The Opposite of Learning to Let Go
I spent the last few days of 2014 in New Orleans with Kathy and Valerie – two of my old college roommates who've seen the worst of me but still kept me around. We ate oysters and listened to jazz music and tried to go easy on the beignets by eating only half and taking the rest to-go. We ended up splitting one more beignet and then splitting just one more and then we emptied the to-go bag and ate the rest of the beignets.
It’s Kathy’s birthday today, which marks nearly five and a half years of friendship [edit: this was originally posted on 9/20/15]. It’s hard to say when friendships begin. I wonder if it’s possible to pinpoint a specific moment in time – when conversations over lunch shift from being the core of a friendship to being just an element of a larger experience.
But maybe there aren’t specific moments. Maybe it takes nothing more than increasing proximity or gradual realization of affinity or just an accumulation of shared cups of coffee. I guess for me and Kathy it had a lot do with the fact that we shared a dorm and shared a need to try and figure out what it means to be human.
When Kathy and I first met she was a five foot eight giant, astonishingly beautiful, and questionably vegan. She’s still tall and beautiful, but not a vegan anymore.
Kathy and I are similar in a lot of ways – hugs make us uncomfortable and we don’t hear our alarms in the morning. We also have a tendency to fall asleep before we can turn off the lights.
But in a lot of ways we are really different. She’s really strong, Kathy is. I’ve seen the world try to tear her down, but she still stands tall as ever. I’m not strong, I never have been. And whenever I was not being strong, she would sit beside me on those cold winter nights on the vent outside our dorm and just let me be sad.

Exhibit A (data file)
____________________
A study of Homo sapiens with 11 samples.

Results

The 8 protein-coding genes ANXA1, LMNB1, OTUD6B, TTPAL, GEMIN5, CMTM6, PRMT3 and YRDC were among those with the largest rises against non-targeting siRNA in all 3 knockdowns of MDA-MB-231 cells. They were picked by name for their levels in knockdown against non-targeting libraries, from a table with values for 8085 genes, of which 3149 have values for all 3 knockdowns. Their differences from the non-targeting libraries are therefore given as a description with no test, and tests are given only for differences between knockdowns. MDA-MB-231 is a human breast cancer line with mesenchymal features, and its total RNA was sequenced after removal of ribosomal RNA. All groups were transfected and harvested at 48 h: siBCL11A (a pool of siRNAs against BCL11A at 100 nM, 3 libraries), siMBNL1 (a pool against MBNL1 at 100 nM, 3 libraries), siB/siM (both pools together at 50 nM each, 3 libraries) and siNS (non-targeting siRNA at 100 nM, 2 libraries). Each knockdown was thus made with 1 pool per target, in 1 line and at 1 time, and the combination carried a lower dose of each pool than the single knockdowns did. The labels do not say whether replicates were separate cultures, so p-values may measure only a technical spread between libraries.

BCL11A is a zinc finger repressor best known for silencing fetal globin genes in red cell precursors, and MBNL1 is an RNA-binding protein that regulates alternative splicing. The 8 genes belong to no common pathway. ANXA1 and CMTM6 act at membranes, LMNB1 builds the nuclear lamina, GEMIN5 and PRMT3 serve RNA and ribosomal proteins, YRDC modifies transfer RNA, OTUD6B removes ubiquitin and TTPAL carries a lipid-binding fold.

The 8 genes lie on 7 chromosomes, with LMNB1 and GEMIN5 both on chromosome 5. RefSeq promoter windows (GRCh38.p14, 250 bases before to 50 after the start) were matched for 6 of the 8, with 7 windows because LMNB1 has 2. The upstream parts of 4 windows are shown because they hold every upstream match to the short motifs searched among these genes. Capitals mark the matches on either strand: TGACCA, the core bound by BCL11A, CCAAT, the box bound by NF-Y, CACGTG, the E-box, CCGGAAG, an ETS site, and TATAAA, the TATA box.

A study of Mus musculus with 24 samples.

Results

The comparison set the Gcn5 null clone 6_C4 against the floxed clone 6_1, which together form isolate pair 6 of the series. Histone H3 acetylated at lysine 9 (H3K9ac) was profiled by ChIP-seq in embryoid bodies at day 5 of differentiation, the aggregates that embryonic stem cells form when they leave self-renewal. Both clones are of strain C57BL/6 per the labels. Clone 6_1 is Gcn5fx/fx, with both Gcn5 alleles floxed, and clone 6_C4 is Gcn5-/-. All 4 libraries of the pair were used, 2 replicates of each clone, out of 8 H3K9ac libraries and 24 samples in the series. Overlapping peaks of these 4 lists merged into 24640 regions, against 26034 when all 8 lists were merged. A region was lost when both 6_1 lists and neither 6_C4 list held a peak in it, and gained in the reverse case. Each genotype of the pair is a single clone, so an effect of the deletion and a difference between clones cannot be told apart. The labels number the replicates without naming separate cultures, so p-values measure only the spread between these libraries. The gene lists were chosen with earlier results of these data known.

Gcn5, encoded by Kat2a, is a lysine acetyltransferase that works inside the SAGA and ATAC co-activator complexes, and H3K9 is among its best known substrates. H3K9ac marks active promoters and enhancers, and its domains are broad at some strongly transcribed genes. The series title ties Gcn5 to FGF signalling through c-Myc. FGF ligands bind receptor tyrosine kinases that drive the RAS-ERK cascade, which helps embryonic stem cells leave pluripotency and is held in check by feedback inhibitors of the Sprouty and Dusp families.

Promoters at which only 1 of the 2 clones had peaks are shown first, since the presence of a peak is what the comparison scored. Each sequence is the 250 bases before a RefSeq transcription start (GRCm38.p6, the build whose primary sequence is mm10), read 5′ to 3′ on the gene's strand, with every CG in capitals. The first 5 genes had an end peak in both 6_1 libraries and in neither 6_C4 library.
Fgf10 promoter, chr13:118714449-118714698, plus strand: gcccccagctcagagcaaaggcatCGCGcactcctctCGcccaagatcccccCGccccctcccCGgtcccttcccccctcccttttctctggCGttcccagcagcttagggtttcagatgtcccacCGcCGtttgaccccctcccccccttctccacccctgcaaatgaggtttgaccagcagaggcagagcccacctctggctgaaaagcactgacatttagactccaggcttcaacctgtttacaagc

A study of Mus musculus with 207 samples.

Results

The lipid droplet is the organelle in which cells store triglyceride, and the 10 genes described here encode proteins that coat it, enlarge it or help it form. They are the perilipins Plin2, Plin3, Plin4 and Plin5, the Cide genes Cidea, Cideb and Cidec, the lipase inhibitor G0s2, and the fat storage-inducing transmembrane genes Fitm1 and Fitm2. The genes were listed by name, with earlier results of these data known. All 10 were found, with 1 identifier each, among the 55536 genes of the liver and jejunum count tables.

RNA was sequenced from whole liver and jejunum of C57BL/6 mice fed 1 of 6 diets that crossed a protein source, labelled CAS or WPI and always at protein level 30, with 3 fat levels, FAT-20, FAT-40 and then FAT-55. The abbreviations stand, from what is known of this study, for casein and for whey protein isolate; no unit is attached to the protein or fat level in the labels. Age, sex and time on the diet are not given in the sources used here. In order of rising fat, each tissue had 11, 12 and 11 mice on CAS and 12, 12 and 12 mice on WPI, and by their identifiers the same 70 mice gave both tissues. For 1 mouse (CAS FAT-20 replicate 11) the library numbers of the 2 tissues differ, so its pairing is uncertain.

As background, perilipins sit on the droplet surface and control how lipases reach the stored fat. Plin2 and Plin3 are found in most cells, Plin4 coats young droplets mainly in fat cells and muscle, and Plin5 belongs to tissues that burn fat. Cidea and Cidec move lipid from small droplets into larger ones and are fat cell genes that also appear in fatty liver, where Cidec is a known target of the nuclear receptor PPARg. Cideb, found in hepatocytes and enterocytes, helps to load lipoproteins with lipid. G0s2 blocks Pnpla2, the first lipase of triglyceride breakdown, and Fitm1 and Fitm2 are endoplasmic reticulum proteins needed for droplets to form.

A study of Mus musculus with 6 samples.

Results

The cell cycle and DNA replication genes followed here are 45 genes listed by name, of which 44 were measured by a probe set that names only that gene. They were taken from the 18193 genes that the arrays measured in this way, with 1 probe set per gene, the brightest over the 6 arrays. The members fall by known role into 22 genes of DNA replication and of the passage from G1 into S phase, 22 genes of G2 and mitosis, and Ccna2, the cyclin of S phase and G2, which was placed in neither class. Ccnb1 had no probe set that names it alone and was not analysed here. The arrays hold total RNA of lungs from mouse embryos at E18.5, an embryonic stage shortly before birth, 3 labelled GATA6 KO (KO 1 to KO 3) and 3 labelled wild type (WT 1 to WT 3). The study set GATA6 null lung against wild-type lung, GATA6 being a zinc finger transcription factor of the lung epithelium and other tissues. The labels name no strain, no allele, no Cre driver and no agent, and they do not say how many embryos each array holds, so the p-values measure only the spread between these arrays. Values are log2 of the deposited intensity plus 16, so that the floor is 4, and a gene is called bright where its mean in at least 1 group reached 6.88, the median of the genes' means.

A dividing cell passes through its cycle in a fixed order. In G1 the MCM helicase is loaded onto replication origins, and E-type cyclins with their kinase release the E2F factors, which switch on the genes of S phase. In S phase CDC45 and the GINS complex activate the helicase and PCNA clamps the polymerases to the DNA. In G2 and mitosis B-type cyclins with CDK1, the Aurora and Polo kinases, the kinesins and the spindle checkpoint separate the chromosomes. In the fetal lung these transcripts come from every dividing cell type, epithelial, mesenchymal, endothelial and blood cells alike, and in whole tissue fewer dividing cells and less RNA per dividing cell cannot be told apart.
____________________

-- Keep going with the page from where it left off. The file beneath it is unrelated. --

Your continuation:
The morning my grandpa had passed away after a couple weeks of being in the hospital with a coma, I lay in bed, unable to tell anyone that he had finally let go. I remember Kathy asking me to join her on her knees to pray for my grandpa. We both knelt on the floor and I began to sob hysterically, barely able to explain that it was too late. She sat with me and listened and prayed – staying strong when I could not.
At the elementary school we both used to teach at, the kids were always so fascinated that Miss Ju was my roommate. They would always ask me, “Who would win in a fight, you or Miss Ju?” And I would answer, “Me, of course.”
There’s one girl who loved to hug people around the waist and pick them up. She said to me, “I did this to Miss Ju once but I was scared I would break her because she’s so frail.” I laughed so hard when she said that.
But I never got to tell her the truth about Miss Ju. I didn’t tell her that what she didn’t know was that behind Miss Ju’s dainty exterior is a girl strong enough to know she stands on the foundation of unmerited grace, and nothing can shake her.
Kathy’s the one who taught me to pay attention.
She taught me to pay attention to the people that go unnoticed, to see the image of God in those that others look past. Anyone can see the people around them if they try hard enough, but it takes a special person to notice the man who walks quietly into the rain to watch the drops fall to the earth, while everyone else is busy trying to stay dry.
I don’t know if there’s a word that means the opposite of learning to let go, but if there was, that’s how I would describe friendship. An elusively indefinable, yet surprisingly tenacious word that conjures up images ofhuddling together in the cold, eating frozen hot Cheetos, driving down an Austin road in the rain, and trying to find the harmony and melody of a tune that only we know.